Conveyancing is the legal process of transferring the ownership of real property (land and / or water) from one party to another. It may sound simple, but there are important steps involved and you need good legal advice.
Even with a lawyer or conveyancer to help you, selling or buying a property can be daunting.
This article is an easy to understand outline of the basic steps involved in a conveyance of land in New South Wales. Please call KS Law if you are seeking more detailed advice.
- Marketing of property by real estate agent – your real estate agent will require a “listing contract” prepared by us containing all required certificates and specific terms and conditions.
- Offer made by purchaser and accepted (if the purchaser is borrowing for the purchase, ideally they will have finance pre-approved at this stage).
- Real estate agent issues a written sales advice containing the basic terms of sale, including the price, deposit and settlement period (usually 6 weeks after exchange of contracts occurs, but this is variable and subject to negotiation).
- Inspection Reports obtained by purchaser (e.g. pest and building report and / or strata or survey report). We can help you obtain these reports, or the real estate agent may do so.
- Purchaser’s bank (if the purchaser is borrowing) confirms finance approval following a valuation of the property.
- Parties receive legal advice (and if applicable accounting and / or financial advice) and contract terms are negotiated and agreed.
- Contract signed. Two identical copies are signed, one by each party.
- Deposit paid by purchaser to the trust account of the real estate agent, where it is held on trust under the terms of the contract.
- Signed contracts are exchanged forming a binding legal agreement. For residential property this is subject to a 5 day cooling off period unless cooling off rights have been waived (as is required in most cases). The Contract will specify the settlement or “completion” date (usually 6 weeks after exchange).
If you are buying at auction, exchange of contracts occurs (meaning you are legally bound to settle the purchase) “when the hammer falls” so it is extremely important that:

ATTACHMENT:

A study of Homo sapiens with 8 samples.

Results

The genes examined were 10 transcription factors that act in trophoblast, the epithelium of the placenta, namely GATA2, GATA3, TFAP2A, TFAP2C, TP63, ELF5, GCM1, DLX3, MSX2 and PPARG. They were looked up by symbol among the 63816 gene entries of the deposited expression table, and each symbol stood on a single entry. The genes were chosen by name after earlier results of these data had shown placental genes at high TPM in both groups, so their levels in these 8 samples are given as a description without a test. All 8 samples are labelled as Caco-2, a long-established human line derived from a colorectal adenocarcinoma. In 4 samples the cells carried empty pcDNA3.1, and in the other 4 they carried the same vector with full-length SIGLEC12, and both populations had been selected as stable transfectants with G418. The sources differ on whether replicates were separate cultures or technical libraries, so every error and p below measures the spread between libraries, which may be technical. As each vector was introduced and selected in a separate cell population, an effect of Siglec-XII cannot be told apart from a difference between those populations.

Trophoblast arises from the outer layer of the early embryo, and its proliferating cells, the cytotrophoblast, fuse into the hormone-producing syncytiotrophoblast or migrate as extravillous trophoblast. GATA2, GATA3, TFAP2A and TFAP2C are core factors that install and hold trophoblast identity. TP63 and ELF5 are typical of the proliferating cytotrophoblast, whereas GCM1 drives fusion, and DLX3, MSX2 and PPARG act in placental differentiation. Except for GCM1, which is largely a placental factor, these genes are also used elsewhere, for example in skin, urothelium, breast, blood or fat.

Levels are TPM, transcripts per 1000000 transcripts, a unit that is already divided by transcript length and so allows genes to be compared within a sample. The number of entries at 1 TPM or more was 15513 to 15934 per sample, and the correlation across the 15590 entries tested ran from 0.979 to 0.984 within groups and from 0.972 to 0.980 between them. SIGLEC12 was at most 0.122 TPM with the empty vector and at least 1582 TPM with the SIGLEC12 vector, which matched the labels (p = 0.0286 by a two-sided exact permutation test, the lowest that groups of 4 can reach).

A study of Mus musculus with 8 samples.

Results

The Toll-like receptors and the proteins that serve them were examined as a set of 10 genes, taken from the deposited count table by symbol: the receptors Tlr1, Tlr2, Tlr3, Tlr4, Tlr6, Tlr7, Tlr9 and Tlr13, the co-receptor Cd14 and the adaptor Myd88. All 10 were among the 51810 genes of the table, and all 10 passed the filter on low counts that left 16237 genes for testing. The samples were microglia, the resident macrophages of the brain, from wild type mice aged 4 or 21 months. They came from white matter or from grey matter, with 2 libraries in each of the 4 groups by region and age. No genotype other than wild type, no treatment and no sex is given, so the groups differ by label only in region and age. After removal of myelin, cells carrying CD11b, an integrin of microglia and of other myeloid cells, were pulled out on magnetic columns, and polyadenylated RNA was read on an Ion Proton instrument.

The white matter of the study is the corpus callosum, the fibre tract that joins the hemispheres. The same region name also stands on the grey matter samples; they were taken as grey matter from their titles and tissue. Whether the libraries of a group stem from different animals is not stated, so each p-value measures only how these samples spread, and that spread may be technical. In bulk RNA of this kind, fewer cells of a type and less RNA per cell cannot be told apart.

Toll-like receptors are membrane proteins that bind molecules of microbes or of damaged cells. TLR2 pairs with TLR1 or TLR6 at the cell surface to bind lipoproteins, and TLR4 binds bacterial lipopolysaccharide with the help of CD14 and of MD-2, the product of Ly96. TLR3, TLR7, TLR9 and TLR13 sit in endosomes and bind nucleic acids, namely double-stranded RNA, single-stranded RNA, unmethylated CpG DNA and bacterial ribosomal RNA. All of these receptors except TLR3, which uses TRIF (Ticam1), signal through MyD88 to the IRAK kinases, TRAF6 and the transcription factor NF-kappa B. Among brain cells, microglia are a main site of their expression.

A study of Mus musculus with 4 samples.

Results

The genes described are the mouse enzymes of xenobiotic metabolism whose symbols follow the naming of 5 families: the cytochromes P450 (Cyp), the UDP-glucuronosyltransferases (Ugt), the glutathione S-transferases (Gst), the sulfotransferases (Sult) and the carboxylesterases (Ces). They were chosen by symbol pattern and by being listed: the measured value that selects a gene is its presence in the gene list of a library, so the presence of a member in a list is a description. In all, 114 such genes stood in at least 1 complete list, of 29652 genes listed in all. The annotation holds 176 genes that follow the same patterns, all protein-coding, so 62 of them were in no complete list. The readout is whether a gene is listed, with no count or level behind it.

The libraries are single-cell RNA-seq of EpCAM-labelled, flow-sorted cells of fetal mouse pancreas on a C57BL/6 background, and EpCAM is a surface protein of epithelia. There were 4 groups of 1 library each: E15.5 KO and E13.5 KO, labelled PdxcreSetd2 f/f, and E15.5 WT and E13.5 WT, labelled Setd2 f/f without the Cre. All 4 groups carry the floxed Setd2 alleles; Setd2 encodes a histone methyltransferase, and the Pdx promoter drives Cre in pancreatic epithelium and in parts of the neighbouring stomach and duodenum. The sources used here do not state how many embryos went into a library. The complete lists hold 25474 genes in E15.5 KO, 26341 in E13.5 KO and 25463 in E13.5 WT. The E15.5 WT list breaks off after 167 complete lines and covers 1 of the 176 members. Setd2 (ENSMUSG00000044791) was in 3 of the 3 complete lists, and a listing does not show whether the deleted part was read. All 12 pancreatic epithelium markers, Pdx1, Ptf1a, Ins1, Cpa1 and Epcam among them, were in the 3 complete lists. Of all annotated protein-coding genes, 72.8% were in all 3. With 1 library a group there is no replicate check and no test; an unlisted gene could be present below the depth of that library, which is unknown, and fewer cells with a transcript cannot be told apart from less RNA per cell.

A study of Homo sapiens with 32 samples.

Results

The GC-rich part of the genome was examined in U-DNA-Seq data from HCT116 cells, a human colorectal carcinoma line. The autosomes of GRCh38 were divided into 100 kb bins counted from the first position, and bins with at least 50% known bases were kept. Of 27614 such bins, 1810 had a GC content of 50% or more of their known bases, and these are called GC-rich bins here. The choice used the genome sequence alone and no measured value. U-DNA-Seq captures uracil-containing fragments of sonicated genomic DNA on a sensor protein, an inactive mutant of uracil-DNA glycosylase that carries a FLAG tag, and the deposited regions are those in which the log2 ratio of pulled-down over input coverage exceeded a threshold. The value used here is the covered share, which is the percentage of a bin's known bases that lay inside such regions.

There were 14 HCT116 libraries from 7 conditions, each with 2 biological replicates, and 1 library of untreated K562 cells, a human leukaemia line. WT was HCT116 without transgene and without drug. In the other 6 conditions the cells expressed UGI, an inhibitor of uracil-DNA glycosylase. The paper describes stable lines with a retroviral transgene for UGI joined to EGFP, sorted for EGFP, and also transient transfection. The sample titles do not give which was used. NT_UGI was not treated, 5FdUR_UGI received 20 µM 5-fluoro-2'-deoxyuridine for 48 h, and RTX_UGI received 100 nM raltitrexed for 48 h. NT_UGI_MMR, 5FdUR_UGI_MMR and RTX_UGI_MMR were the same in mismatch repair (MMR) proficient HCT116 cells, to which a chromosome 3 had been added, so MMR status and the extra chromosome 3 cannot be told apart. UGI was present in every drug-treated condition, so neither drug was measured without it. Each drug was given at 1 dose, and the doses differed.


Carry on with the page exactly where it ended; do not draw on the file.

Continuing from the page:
- if you are borrowing money to fund the purchase, you have unconditional loan approval in place for the purchase of the property prior to the auction;
- you have funds available to pay the deposit (usually 10% of the purchase price) at the auction; and
- you obtain legal advice on the contract prior to the auction – ideally, you should request the real estate agent to provide a copy of the contract to us at least 24 hours prior to the auction (the earlier the better).
- An electronic workspace is set up to facilitate settlement.
- Loan and mortgage documents are signed with incoming mortgagee and the outgoing mortgagee arranges a discharge of the existing mortgage.
- Statutory enquiries and searches are undertaken and legal requisitions relating to the land are issued to ensure title is as represented in the Contract.
- Transfer form and notice of sale are prepared.
- Contract and transfer are stamped by Revenue NSW, with stamp duty to be paid now or (if you are borrowing the funds) on settlement if within the statutory timeframe.
- Settlement adjustments (for rates, taxes, levies etc) are prepared and agreed.
- Final property inspection undertaken (by you with the real estate agent) and final title searches are undertaken by us.
- Financial details are entered into the electronic workspace and are verified by us and signed ready for settlement.
- Transfer and other required documents are signed by us on your behalf in the electronic workspace ready for settlement.
Settlement and Registration
- Settlement occurs – settlement monies for the purchase price and all fees and expenses are disbursed electronically and the transfer and any discharge of mortgage and / or new mortgage are immediately registered at NSW Lands Registry.
For more information or a fixed price quote, please contact KS Law.
The content of this article is intended to provide a general guide to the subject matter. Specialist individual advice should be sought about your specific circumstances.